Guest blogger: Kristin Laughtin
Listen: there are buildings in every city that let you read books without cost. Literary pirate vessels? Nope. Though often manned by strange individuals, they’re just libraries. As a long-time library worker, I’m here to dispel the comparison of libraries to piracy and shed light on how much libraries help book sales.
The analogy of libraries to pirates stems from the idea that libraries buy one copy of a book that is then available for anyone to read, causing lost sales. By definition, though, libraries are the exact opposite of pirates. Libraries acquire, through legal channels, all the books they provide. Even if they are loaned many times, they are still paid for.
That’s not really true. Tax dollars fund anything public. Patrons contribute a tiny portion of each book’s cost, which gives them the right to borrow, but not own, any of the library’s communal resources. A friend could borrow a book from you or from the library; either way, the author only gets paid for one copy.
This usually isn’t really the case, either. Most library books don’t circulate as much as you think. As few as 6 to 20% of the books drive 80% of the circulation. (Link.) The rest sit on the shelves, if they’re not weeded to make room for new stuff, having been checked out only a few times—or zero.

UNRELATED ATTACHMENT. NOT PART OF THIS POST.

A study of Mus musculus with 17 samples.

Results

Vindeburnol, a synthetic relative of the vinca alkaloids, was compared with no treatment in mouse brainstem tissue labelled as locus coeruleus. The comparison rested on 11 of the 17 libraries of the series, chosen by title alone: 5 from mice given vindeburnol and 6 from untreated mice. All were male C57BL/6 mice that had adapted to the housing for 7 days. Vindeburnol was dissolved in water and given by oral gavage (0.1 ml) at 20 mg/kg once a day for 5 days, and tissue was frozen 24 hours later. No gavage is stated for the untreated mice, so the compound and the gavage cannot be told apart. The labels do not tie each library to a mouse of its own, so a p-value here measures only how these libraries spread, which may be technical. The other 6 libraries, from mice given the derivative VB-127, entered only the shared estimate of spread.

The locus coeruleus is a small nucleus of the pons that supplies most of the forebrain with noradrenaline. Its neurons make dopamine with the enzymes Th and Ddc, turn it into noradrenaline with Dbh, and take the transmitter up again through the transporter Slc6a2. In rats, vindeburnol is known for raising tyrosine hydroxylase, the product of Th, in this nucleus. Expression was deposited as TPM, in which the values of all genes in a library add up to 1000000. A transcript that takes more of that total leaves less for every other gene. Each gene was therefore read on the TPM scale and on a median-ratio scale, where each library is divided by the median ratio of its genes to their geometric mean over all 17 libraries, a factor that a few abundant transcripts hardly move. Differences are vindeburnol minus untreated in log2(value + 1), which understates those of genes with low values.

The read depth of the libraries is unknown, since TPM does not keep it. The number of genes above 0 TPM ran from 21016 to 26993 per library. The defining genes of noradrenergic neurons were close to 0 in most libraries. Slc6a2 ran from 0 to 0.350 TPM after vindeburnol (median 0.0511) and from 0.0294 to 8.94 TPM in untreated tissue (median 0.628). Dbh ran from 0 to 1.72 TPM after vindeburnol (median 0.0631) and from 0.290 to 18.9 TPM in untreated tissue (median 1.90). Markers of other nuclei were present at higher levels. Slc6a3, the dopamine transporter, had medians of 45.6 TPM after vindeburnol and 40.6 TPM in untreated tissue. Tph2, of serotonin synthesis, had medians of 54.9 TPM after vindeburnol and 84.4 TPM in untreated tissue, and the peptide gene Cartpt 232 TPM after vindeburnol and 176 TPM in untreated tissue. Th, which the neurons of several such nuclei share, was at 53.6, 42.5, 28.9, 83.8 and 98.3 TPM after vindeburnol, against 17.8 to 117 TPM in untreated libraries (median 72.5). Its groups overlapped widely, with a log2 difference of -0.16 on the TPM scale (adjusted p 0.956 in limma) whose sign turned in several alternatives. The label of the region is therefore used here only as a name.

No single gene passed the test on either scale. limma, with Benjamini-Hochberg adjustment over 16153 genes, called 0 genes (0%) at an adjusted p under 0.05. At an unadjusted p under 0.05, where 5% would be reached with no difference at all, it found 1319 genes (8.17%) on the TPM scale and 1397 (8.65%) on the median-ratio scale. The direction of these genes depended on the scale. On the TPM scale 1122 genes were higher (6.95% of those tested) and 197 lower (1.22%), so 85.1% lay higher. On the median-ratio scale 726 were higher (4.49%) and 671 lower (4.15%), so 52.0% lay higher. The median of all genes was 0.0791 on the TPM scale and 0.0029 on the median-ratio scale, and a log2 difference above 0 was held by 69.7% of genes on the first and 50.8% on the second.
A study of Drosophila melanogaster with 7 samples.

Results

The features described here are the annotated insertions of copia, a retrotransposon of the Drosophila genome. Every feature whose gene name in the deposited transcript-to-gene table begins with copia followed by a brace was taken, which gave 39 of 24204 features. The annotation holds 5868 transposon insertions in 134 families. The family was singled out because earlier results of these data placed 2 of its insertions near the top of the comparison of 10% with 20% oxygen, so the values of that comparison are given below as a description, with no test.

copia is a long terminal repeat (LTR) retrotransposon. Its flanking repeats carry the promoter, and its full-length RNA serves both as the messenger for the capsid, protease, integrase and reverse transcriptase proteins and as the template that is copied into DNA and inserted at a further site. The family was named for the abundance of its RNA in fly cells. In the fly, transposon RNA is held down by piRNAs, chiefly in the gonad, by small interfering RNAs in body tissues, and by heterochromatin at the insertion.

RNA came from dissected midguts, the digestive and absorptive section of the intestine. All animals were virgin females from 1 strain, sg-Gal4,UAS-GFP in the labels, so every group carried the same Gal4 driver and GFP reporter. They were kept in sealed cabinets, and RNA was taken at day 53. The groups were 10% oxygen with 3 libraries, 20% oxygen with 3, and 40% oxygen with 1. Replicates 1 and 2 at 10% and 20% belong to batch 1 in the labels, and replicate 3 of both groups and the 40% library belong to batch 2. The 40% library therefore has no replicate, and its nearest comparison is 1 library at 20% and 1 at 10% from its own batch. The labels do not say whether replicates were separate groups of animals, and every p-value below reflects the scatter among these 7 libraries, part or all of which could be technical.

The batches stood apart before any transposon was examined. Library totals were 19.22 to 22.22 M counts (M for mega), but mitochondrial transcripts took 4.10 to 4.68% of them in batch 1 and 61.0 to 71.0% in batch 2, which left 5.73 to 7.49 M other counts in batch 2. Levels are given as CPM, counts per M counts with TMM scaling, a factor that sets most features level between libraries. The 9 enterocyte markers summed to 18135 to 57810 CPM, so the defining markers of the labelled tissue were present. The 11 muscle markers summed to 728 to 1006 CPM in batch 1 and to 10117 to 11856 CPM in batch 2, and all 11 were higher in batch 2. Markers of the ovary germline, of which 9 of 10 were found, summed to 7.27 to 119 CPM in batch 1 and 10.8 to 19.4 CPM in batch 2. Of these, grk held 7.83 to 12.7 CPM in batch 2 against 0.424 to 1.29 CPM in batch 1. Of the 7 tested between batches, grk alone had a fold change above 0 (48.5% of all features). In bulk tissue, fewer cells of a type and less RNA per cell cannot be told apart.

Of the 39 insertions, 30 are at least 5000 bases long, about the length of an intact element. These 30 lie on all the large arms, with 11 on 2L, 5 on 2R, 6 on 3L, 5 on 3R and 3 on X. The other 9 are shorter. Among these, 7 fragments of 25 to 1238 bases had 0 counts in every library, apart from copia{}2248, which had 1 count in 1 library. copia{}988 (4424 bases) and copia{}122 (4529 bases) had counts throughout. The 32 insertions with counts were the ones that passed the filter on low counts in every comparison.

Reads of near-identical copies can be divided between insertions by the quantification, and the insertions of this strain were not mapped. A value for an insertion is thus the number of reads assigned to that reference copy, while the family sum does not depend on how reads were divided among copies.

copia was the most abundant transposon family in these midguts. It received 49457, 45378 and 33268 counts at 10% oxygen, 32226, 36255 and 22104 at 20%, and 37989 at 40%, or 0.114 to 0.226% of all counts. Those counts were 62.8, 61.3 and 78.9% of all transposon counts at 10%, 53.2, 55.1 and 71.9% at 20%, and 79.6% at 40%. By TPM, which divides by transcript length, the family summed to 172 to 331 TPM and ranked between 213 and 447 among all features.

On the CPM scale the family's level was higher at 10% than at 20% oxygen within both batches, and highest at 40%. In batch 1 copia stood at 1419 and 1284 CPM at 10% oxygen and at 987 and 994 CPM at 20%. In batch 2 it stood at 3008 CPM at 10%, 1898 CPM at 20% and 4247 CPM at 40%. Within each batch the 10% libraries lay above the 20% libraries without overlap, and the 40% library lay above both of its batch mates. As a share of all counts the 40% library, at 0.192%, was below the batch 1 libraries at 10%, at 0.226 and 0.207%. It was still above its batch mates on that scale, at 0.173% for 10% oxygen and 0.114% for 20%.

For popular titles, most libraries buy multiple copies to meet demand. Depending on the size of the library system, they might even buy 50 to 100 copies or more of bestselling titles, especially when you count all formats: hardcover, large print, audio CD, and now e-book.
It’s also a necessity for libraries to buy multiple copies, as books wear out quickly, often after 25 check-outs or so. One copy just won’t last for 1,000 uses.
For e-books, chances are libraries aren’t paying the same $10-per-book you would. They have to purchase lending rights, and the fees get higher as more flexibility is added to the license.
Publishers count on a significant portion of their revenue from libraries. In 2009, public libraries and educational institutions (which include school and college libraries) bought $14.6 billion of the $40 billion in books sold. Over a tenth of net book sales are to libraries. The absence of libraries would be noticed! (Link.)
Perhaps—there’s nothing to confirm what publishers might have sold. Experience inclines me to think that people who want to buy will do so anyway, and heaviest usage is by those who can’t afford all the books they want. Some might cave and buy what they can’t borrow, but more might pirate instead—in which case the author makes zip.
Libraries also provide a platform for discovery, allowing readers to try an author, see them at an event, or receive a recommendation, before going out to buy all their books. We can’t gauge the cause and effect exactly, but libraries are definitely not a threat to a publisher’s bottom line. They may even drive sales more than hinder them.